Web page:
Composting

I am always trying to find ways to reduce my “footprint” on the planet.  I drive a hybrid car, I don’t use K-Cups, I try extra hard to remember reusable bags at the grocery store.  It’s the little things, right?

So, I thought I’d do some research into composting; making less trash is a pretty big deal now days.

The Do’s and Don’ts  of Composting.

DO:
Alternate layers of nitrogen-rich greens & carbon-rich browns.
Greens:
• Vegetable peelings
• Rotten fruit & Fruit Peelings
• Leaves & Grass ( green & dry)
• Coffee grounds &  Tea leaves
• Manure from vegetarian pets: rabbits, gerbils, guinea pigs, sheep, horses,cows, llamas, etc.
Browns:
• Dry leaves, grass and plant stalks
• Shredded newsprint (non-toxic inks only)
• Shredded Brown Paper bags
• Unbleached paper towels, napkins, wet is okay, greasy no!
• Cardboard (small pieces)
• Corncobs
• Straw
You can also add:
• Rinsed, crushed eggshells
• Pet hair, to help discourage rodents
• Dryer lint
• Wood ash
Tips:
• Select a level, partially-shaded spot for your bin with good water drainage. Be sure it is at least 8 in – 12 in away from walls, fences, bushes, doors and windows.
• Cut kitchen scraps up into smaller pieces – faster decomposition.
• Whenever you add any food layer, top it off with brown material. Keep a pile of dry browns near the bin to sprinkle on top each time you add kitchen scraps.
• The beneficial microorganisms in your pile need oxygen. If too compacted (like in a landfill), they produce methane as they decompose, which is a greenhouse gas. Leave lots of air space in your bin and mix the contents every week or two with an aerator tool, or an old broom handle.
• Collect dry leaves and grass in a separate, dry container. Then you can use them year-round.
• Compost is generally ready to use after two or three months but aging the pile another one to two months before putting it on lawns or garden will improve it.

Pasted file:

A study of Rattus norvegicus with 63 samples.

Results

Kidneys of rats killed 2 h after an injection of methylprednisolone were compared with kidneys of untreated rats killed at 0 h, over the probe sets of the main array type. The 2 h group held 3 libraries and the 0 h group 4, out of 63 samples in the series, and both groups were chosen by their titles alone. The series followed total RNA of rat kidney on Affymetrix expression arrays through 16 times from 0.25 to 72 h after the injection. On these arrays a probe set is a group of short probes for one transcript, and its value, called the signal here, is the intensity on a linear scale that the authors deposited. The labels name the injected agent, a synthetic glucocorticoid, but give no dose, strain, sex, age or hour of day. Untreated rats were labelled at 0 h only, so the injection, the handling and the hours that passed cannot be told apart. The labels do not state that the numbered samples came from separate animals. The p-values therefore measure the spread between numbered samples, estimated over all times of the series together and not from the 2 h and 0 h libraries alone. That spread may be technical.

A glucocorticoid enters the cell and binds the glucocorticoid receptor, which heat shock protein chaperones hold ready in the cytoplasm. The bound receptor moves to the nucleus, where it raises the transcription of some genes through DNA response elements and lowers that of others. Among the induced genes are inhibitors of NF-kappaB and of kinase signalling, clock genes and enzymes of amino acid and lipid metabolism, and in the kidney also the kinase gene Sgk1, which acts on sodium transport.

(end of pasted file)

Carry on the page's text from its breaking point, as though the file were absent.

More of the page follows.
DON’T:
AVOID ADDING THESE TO YOUR COMPOST:
    • Grease, oils or fats.
    • Bread or bread products
    • Rice
    • Pastas
    • Salad dressings or sauces
    • Dairy products
    • Nuts or nut butters
    • Fish
    • Meat
    • Bones
    • Dog or cat feces, kitty litter, human waste – Meat-eating animals, including humans,  carry diseases, and kitty litter may contain chemicals.
    • Ash from barbecues or coal Contains harmful chemicals.
   • Weeds with mature seeds. When you spread the compost, you’ll spread those weeds, to your garden.
    • Treated wood products May contain harmful chemicals.

Troubleshooting (Symptom-Diagnosis-Treatment):
Compost is attracting pests: dogs, rodents, raccoons.
Improper materials added.
Use a pest-resistant bin.  Put kitchen scraps in the center of the pile and cover with soil.
Compost pile is wet and stinky, too much green material.
Add brown material. Turn pile. Insufficient covering.
Put scraps at the center of the pile.
Pile is dry too much brown material.
Not enough water.
Add fresh kitchen scraps. Moisten with water.  Cover pile to reduce evaporation.
Pile is cold.
Lack of nitrogen.
Add green materials such as grass clippings, kitchen scraps.
Compost is attracting flies.
Food scraps are exposed.
Cover green material with browns. Avoid adding grease, oils, meats, breads, etc (see checklist above). Cover food scraps with soil or brown material. Put kitchen scraps in the center of the pile.